2019 data breach potentially exposed the personal information of 21 million in the U.S.
Monday, March 29, 2021 | 11:13am

Nashville- Attorney General Herbert H. Slatery III announced that Tennessee, as part of a coalition of 41 Attorneys General, has settled with Retrieval-Masters Creditors Bureau, a debt collection agency doing business as American Medical Collection Agency (“AMCA”). The settlement resolves a multistate investigation into the 2019 data breach that exposed the personal information of over 7 million individuals, including 132,451 Tennesseans.

AMCA specialized in small balance medical debt collection primarily for laboratories and medical testing facilities. An unauthorized user gained access to AMCA’s internal system from August 1, 2018 through March 30, 2019. AMCA failed to detect the intrusion, despite warnings from banks that processed its payments. The unauthorized user was able to collect Social Security numbers, payment card information, and, in some instances, names of medical tests and diagnostic codes.

On June 3, 2019 AMCA provided notice to many states and began providing notice to over 7 million affected individuals that included an offer of two years of free credit monitoring. On June 17, 2019, as a result of the costs associated with providing notification and remediating the breach, AMCA filed for bankruptcy. The multistate coalition participated in all bankruptcy proceedings. The company ultimately received permission from the bankruptcy court to settle with the multistate, and on December 9, 2020, filed for dismissal of the bankruptcy.

“Patients should not have to worry about their personal information – and especially sensitive medical information- being exposed through a security breach,” said General Slatery. “Tennessee will continue to hold companies accountable that do not implement proper safeguards or drag their feet when a breach occurs.”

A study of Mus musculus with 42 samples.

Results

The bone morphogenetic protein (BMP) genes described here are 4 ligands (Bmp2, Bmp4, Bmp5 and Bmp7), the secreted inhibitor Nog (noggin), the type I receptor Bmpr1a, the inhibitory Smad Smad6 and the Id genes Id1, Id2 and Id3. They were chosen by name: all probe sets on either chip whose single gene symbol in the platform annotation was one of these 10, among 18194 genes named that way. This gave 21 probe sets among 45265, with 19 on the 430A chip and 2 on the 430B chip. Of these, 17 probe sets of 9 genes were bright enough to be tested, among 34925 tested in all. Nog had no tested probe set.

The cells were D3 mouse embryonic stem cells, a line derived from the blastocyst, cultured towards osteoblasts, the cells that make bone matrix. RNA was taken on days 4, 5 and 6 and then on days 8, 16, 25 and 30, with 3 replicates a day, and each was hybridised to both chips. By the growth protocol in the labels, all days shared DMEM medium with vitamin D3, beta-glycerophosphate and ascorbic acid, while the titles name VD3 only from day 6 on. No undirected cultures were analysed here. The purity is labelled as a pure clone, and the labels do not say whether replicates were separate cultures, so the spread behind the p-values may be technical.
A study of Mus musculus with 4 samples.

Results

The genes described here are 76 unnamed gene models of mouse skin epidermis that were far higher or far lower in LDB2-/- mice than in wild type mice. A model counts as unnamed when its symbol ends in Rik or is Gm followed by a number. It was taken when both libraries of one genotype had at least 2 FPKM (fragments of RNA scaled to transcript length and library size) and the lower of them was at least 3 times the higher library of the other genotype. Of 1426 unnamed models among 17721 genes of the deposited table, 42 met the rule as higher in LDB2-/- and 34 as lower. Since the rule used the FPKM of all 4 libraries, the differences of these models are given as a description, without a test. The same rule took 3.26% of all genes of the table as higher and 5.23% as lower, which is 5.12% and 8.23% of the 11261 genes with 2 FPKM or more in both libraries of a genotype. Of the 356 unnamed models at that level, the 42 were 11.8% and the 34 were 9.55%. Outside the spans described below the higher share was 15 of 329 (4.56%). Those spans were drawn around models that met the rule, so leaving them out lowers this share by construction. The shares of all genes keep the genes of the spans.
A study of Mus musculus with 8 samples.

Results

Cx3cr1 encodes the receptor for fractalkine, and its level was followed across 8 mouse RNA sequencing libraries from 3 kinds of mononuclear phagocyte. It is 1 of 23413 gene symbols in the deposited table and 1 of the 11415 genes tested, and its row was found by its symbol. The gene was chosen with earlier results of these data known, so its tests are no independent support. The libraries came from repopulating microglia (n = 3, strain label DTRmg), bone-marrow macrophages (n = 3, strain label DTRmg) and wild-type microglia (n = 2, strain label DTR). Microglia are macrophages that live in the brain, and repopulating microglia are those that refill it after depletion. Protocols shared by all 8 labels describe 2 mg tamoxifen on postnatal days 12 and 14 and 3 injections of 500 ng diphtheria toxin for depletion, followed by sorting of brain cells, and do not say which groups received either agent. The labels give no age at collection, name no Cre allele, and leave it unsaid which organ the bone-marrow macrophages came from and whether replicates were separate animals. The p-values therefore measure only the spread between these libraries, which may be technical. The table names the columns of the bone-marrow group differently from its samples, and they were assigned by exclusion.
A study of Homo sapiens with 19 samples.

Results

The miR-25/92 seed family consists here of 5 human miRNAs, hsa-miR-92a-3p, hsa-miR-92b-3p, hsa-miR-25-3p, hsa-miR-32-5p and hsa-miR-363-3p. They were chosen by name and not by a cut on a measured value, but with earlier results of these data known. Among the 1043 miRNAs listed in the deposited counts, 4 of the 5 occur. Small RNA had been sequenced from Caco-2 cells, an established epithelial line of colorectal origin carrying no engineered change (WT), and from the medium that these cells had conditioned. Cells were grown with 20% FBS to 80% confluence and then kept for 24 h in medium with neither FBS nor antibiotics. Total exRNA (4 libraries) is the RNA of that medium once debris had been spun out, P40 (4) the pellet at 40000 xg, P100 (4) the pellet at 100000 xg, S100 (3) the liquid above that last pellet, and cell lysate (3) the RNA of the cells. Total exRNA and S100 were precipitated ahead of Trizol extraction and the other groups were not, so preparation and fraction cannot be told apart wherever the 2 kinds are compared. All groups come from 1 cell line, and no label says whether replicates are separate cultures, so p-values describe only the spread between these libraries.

As part of the settlement, AMCA may be liable for a $21 million total payment to the states. Because of AMCA’s financial condition, that payment is suspended unless the company violates certain terms of the settlement agreement which include the following data security practices:

  • Creating and implementing an information security program with detailed requirements, including an incident response plan;
  • Employing a duly qualified Chief Information Security Officer;
  • Hiring a Third-Party Assessor to perform an information security assessment; and
  • Cooperating with the Attorneys General with investigations related to the data breach and maintaining evidence.

To read the Agreed Final Judgment, click here: https://www.tn.gov/content/dam/tn/attorneygeneral/documents/pr/2021/pr21-13-afj.pdf

The Attorneys General of Indiana, Texas, Connecticut, and New York led the investigation, assisted by the Attorneys General of Florida, Illinois, Maryland, Massachusetts, Michigan, North Carolina, and Tennessee, and joined by the Attorneys General of Arizona, Arkansas, Colorado, the District of Columbia, Georgia, Hawaii, Idaho, Iowa, Kansas, Kentucky, Louisiana, Maine, Minnesota, Missouri, Nebraska, Nevada, New Hampshire, New Jersey, New Mexico, Ohio, Oklahoma, Oregon, Pennsylvania, Rhode Island, South Carolina, Utah, Vermont, Virginia, Washington, and West Virginia.